TX, UNITED STATES
By Staff Sgt. Bethany Anderson
100th Mobile Public Affairs Detachment
LAKE CANYON, Texas – Thirty six Texas Guardsmen from the Special Operations Detachment-Africa, dropped from a helicopter hovering above Lake Canyon Saturday, June, 24th 2017, as zodiac boats circled, waiting to recover the paratroopers and their chutes.
Jumping from an aircraft into a lake 1500 feet below may seem extreme to some, but for the soldiers of SOD-A, it was just another day on the job – a job that requires extreme training and an extreme commitment.
Those elite soldiers, whom made the jump are part of Special Operations Command-Africa, headquartered in Stuttgart, Germany and are trained to rapidly establish, execute, and support all functions of a Special Operations Task Force anywhere in the world. But when the high-temp unit isn’t deployed, they are training in Texas said Texas Army National Guard Col. Timothy Ochsner, the detachment’s commander.
“Parachute operations are a quarterly requirement for soldiers to maintain their airborne proficiency,” said Ochsner, who has been with the unit since its inception in 2012. “Planning this training event allows the unit to exercise logistical planning, execution, as well as command and control. It ensures that SOD-A is always ready to conduct any real-world mission it is called upon to execute.”
Sgt. 1st Class Tim Kennedy, SOD-A assistant operations noncommissioned officer was the first soldier to jump out of the Sikorsky UH-60 Black Hawk helicopter during SOD-A’s parachute operations on Joint Base San Antonio Recreation Park Saturday morning. After the jump, Kennedy said a deep-rooted belief in selfless service and mission accomplishment is what fuels the Texas Army National Guard soldiers in SOD-A.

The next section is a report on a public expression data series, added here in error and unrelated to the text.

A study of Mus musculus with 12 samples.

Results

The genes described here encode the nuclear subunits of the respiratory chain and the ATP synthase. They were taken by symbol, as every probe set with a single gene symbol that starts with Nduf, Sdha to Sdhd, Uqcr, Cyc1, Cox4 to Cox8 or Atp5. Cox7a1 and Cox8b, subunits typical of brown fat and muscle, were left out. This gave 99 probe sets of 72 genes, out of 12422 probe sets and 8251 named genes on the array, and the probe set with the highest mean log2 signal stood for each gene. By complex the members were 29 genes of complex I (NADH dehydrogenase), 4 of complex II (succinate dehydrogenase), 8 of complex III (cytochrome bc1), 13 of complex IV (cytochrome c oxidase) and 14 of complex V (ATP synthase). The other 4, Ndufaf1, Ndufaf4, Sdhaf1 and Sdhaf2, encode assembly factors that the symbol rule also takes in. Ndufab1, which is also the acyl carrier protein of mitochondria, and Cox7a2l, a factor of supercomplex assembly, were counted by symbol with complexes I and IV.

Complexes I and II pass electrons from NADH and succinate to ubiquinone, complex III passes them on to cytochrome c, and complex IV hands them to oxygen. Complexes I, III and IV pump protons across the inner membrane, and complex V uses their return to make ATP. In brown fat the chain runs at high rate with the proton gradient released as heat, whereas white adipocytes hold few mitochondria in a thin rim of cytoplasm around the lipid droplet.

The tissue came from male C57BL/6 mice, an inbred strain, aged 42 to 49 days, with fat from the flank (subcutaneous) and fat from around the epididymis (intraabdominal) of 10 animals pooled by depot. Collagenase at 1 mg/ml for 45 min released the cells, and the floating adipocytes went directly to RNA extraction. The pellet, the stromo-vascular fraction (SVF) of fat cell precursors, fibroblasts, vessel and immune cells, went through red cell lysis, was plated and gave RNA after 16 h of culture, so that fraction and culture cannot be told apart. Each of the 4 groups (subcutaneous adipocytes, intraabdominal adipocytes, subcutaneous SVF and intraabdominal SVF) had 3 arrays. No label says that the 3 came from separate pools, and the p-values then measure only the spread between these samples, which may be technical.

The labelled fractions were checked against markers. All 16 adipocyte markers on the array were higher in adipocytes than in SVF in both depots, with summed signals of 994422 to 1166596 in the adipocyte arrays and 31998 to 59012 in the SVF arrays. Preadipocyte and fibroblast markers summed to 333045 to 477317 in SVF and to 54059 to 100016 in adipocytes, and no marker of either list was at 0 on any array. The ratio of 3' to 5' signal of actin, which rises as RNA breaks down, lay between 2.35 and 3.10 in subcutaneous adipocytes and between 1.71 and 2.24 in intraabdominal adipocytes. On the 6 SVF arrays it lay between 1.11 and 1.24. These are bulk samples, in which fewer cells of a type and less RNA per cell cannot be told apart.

“This is the only thing that’s actually important – selfless service,” said Kennedy. “Finding an idea that’s more important than you, and being there for the man on your left and right is what this unit is all about.”
Many of the unit’s soldiers have more than 15 years of military service and some have as many as 30. With four deployments in eight months, and many more on the horizon, the soldiers of SOD-A make innumerable sacrifices to ensure that the people and the country they love are protected.
Texas Guardsmen in the Special Operations Detachment appreciate and value the importance of the unit’s mission to promote regional stability within Africa and combat terrorism globally, but say what really adds meaning to their profession is the common goal of protecting their families, their United States, and each other.
“Foreign internal defense missions are very relevant to our country. We’re training these armies in command and control,” said Texas Army National Guard Lt. Col. David Green, SOD-A Command Judge Advocate.
“Terrorism is a global threat and if Africa can’t fight that threat, it affects the U.S.”
The jump into Canyon Lake is just another example the detachments level of readiness, something Kennedy says takes a special kind of soldier.
“We do the mission that no one else could,” said Kennedy. “We have the ability to adapt with any culture and any race in any country and have mission success.”